Welcome to our first ever "mysteries and oddities" issue of the Summary of Mishaps.
A corpsman in Maryland was driving to church and ran off the road, hitting what the report called "a couldren."
I give up. What's a "couldren"? It sounds like the large, heavy pots that Hogwarts students use for boiling potions in Snape's class, but that can't be right.
An E-6 was cleaning out the center console in his car. According to the mishap report, the tray got stuck, and while the E-6 was trying to clear the jam, he "pushed the console, which caused the steak knife which was supporting the center console tray to penetrate his hand, resulting in multiple surgeries."
OK, what was the steak knife doing, again?
Speaking of reports that raise as many questions as they answer, at an air force base out in the Pacific, an aviation support equipment technician third class was clambering around on a cliff. When he jumped down, he stubbed his foot, bruising his toes badly enough to put him on LIMPDU for 10 days. He should have been "wearing protective shoes/sandals while on volcanic rocks," the report counseled.
"Protective sandal"-now there's a concept. If such things exist, I think I'll get some for the Summary of Mishaps Museum gift shop.
Did you hear about that terrible bird strike? Jet flamed out, blood and guts all over the cockpit, pilot nearly blinded, almost lost control? That's why Approach Magazine hides a tiny silhouette of a raven on each cover, as a reminder of how serious bird strikes can be.
That's the story that the editor heard from a journalist at an aviation conference. The JO had heard it from an 0-6 and wanted to verify the tale.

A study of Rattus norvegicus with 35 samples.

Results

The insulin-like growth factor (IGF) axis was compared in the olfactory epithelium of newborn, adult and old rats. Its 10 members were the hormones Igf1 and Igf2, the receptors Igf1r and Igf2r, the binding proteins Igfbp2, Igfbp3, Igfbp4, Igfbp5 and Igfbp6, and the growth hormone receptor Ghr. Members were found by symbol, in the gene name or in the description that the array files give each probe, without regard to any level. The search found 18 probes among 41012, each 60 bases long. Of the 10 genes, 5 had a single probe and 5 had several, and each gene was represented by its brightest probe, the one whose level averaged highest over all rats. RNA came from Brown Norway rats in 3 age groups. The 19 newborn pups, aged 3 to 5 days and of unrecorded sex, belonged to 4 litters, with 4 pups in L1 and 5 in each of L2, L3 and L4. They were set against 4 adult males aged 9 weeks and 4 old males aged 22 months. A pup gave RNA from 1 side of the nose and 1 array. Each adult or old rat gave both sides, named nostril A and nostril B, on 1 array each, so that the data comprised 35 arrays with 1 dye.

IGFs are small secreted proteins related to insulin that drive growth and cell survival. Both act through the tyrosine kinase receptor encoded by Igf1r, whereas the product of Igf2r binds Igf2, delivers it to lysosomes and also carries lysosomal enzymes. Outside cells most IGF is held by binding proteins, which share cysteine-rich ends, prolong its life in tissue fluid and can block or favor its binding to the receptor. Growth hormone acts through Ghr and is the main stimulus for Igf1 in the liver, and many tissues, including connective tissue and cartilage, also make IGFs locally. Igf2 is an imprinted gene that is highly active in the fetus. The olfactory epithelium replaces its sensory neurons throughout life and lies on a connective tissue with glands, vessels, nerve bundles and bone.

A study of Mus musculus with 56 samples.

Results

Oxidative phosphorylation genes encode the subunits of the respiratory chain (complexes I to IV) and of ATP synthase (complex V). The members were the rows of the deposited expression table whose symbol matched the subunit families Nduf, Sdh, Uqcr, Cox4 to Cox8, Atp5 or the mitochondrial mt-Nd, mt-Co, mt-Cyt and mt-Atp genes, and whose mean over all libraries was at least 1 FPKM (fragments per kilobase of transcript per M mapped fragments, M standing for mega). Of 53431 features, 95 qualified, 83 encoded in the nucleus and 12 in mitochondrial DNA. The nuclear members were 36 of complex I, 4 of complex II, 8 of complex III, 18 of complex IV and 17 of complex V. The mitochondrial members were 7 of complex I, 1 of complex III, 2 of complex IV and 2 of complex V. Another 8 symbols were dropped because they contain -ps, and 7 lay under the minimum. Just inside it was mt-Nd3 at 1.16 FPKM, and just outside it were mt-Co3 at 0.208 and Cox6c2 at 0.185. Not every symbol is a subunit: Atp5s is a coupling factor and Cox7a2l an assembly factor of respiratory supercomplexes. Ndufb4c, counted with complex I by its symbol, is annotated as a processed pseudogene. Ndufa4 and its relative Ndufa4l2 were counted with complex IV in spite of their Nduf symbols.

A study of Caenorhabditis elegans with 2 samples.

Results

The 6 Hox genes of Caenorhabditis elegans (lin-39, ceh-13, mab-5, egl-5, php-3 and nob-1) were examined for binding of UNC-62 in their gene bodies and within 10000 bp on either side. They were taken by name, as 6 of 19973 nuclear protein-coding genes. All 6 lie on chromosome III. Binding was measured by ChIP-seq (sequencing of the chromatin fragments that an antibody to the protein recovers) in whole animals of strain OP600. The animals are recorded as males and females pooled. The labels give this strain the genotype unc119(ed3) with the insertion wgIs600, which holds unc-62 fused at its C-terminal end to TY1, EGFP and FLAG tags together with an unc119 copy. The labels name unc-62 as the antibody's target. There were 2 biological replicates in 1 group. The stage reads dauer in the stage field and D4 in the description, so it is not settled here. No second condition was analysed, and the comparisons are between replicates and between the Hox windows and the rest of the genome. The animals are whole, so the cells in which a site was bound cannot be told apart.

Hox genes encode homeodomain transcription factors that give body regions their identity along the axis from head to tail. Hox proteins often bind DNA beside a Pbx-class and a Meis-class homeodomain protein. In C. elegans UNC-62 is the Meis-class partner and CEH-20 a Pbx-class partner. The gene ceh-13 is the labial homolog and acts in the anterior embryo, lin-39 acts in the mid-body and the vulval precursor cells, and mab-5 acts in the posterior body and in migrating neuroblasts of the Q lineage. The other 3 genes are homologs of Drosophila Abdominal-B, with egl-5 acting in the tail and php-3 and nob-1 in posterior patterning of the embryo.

We've summarized a ton of mishaps during the years, and this is the first time we've summarized an imaginary one. The fact is that the raven appears (to eagle-eyed readers who know about it) solely to entice readers into the magazine, with the next steps being to open the issue, read a few articles, and fill the knowledge bucket.
The raven on the cover actually goes back to the September 2001 issue, which had an article entitled "Nevermore." "Still the best article I've ever read," said the editor. The author starts by describing the ravens at Atsugi, Japan, then tells the story of a transpac from hell, a flight he never wants to repeat. Our layout featured a large, Poe-esque raven. Hiding a smaller one on the cover made sense. The bogus 'back story' spontaneously generated an aviation version of an urban myth.
We've never mentioned the hidden raven in the magazine, although our survey teams talk about it. When the editor chats with readers, he passes the word. He clued in the safety officer at a training squadron recently. "Since it was raining, they were all hanging around the ready room," the editor says. "I steered him to the latest hidden raven, and right away everyone was hunting up back issues."
Just a couple more of our many services: myth debunking and boredom control. You can read the original Approach article at www.public.navy.mil/navsafecen/documents/media/approach/nevermore.pdf and see a sample cover at http://www.public.navy.mil/navsafecen/publishingimages/media/approach_raven.jpg.
Finally, a note from a correspondent across the pond, describing an employee who was "looking after a museum mummy the night before special opening." Not the best task for someone as superstitious as this bloke. We'll pick up the story from his first-person account in the official incident book: "Heard noise from general direction of coffin (sarcophagus), ran away and knocked myself out on Roman statue." In the section marked "Incident cause," our correspondent noted, "He put 'Curse'."
I was going to save this one for Halloween, but it was too good.
That's all for this week, friends and neighbors. Until we meet again, watch out for those couldrens, consoles, cliffs and coffins (and ravens).